Sunday, February 3, 2013

Epiphany 4C, 2013: Prophets of Love

Lectionary: Jeremiah 1:4-10; Psalm 71:1-6; 1 Corinthians 13:1-13; Luke 4:21-30

En el nombre del Dios: Padre, Hijo, y Espiritu Santo. Amen.

Our catechism teaches us that our goal (our mission) as Christians is to work for the reconciliation of the whole world to God and each other in Christ. (BCP, 855) We hold ourselves to be witnesses of the truth of salvation in Jesus Christ.

If we are witnesses, then we don’t get to just live in this truth. We must be willing to testify to it. That makes us all prophets, mediators of the truth we know to the world.

As prophets, what are we to speak? Maybe more importantly, to whom do we speak it?

There are two hearers of God’s words of Love, two groups to whom our testimony must be given: those being excluded and those doing the excluding. In today’s gospel story from Luke, Jesus is speaking to those doing the excluding.

We hear about Jesus going to the synagogue, picking up the scroll of Isaiah and reading from it. As his hometown people heard him read and teach, they found his words to be full of grace.

As the story continues in today’s reading, the people in the synagogue began to think about that. You can almost hear them… Wait a minute! That’s Mary and Joseph’s son! How does he teach so wonderfully? How did he do those amazing things we heard about him doing in Capernaum? Do those things here too, Jesus. Amaze us too!

But Jesus knew he could do no healings there because of their unbelief. He also knew that the truth he came to bring, that the salvation of God was for the whole world, would make them mad – and in fact, Luke tells us they were enraged.

Why? Let’s hear again Jesus’ response to them: “But the truth is, there were many widows in Israel in the time of Elijah, when the heaven was shut up three years and six months, and there was a severe famine over all the land; yet Elijah was sent to none of them except to a widow at Zarephath in Sidon. There were also many lepers in Israel in the time of the prophet Elisha, and none of them was cleansed except Naaman the Syrian."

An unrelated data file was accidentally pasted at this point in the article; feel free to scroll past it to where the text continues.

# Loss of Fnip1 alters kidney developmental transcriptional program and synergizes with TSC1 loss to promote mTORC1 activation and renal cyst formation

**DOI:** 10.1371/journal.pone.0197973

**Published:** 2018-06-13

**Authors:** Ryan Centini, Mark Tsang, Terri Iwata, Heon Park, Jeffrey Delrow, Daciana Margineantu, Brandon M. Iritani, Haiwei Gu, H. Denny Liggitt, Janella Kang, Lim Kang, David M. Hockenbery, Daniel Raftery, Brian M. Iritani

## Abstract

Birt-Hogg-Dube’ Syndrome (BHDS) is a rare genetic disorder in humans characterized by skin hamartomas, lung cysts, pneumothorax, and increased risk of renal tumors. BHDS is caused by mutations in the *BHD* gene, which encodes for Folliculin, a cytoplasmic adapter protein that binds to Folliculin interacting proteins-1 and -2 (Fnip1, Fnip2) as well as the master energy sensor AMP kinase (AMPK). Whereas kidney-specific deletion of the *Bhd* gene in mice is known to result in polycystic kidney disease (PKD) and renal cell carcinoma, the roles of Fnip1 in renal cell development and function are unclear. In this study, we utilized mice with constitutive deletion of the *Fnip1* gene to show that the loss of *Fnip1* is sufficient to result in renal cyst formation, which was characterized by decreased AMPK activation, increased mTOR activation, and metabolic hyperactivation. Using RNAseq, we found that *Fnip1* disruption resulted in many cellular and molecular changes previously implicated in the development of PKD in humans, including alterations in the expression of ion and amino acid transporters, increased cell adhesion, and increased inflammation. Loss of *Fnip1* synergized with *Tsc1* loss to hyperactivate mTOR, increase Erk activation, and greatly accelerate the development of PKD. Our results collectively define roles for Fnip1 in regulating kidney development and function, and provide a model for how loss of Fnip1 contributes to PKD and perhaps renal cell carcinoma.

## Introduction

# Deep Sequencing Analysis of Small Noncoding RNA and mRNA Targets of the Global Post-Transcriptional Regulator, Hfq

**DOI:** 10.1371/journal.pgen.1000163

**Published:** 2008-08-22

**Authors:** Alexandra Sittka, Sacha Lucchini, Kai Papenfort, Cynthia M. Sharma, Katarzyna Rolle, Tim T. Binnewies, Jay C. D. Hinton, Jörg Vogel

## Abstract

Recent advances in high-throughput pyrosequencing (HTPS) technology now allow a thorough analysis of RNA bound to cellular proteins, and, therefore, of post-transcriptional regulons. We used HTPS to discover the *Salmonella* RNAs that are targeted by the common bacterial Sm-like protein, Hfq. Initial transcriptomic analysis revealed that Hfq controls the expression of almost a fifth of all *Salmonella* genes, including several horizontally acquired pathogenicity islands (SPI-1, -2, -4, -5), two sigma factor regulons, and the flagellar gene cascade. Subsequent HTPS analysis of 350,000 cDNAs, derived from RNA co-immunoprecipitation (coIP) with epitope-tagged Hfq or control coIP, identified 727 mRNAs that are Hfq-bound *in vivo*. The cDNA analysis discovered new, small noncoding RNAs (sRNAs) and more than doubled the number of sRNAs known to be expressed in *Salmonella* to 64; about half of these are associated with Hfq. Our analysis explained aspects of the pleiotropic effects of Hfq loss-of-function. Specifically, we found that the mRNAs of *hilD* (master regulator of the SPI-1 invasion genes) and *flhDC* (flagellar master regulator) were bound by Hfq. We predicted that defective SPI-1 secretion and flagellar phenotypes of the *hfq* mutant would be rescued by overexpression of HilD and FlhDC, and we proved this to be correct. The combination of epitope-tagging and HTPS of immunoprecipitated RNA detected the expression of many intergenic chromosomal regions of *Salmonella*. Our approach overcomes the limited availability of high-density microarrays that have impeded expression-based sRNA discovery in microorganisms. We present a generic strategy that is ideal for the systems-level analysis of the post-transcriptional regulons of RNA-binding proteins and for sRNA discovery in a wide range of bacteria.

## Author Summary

The widow at Zarephath and Naaman were outsiders, Gentiles, and unclean in some of the most obvious ways. The widow was from Phoenicia, the center of pagan worship at the time. This story takes place during a great famine and people were dying in droves. In fact, the widow’s only son had just died. Following his funeral, she would become a homeless beggar, likely to die before long. It was this outsider - this pagan, Gentile, homeless woman, whom God chose to save.

And Naaman was a Syrian, which means he was a Gentile, and he was unclean due to his leprosy. Lepers could be found all over Israel, but the one whom God chose to heal and restore to fullness of life, was an outsider.

Jesus words shocked his listeners. Here they were feeling so proud of their hometown boy-made-good. His reputation was grand, his words gracious.

But now, instead of dazzling them with amazing works of power, Jesus insults them! The very idea that outsiders would be chosen by God over God’s own people “filled them with rage” and they tried to “hurl” Jesus off a cliff!

The more things change, the more they remain the same.

We live in a time when God’s own people, as so many groups define themselves, are full of rage over the notion that God might love, heal, and save outsiders. I think of the radical fringes of Christianity, Islam, and Judaism who kill and hate and stalk funerals. I think of factions within the Episcopal Church fighting over property, diocesan seals, and historical names.

And I wonder… where is the love? Where are the words that are patient and kind, words that aren’t arrogant or rude? And what are these fights really about? They’re about insiders getting to define who the outsiders are then casting them out.

Muslims call them infidels. Jews call them Gentiles. Christians call them gays. But God calls them beloved. And this is the truth we are called to proclaim. St. Francis of Assisi once said, “Only love honors God... [and] surely everything [God] made must be perfect.”

Be warned, however: this truth is going to make people mad. They’ll want to hurl us off a cliff. We might lose the affection of friends or family. We will feel insecure about ourselves and our ability to speak this truth.

Our comfort, however, is in each other and in our Scripture. When God called Jeremiah to speak the truth to the people, Jeremiah begged off. I can’t do that. I’m only a boy.

But God’s words to Jeremiah are for us also: No excuses – “…you shall go to all to whom I send you, and you shall speak whatever I command you. Do not be afraid of them, for I am with you to deliver you, says the LORD."

Ok then. Off we go, together, to be the prophets God is calling us to be. And when the people become enraged, we’ll remember St. Paul’s reminder to us to love – to hold our arrogance and rudeness, to be patient and kind, and to endure.

When Jesus faced this rage, he simply passed through the midst of it and went on his way. That gives us hope for our time. Despite the rage, despite the attempts to hurl the truth off the cliff, God simply continues undaunted on the path to redemption.

As followers of Christ, so must we.

As our catechism, derived from the wisdom of our tradition, teaches us “Our assurance as Christians is that nothing, not even death, shall separate us from the love of God which is in Christ Jesus our Lord.” (BCP, 862) Amen.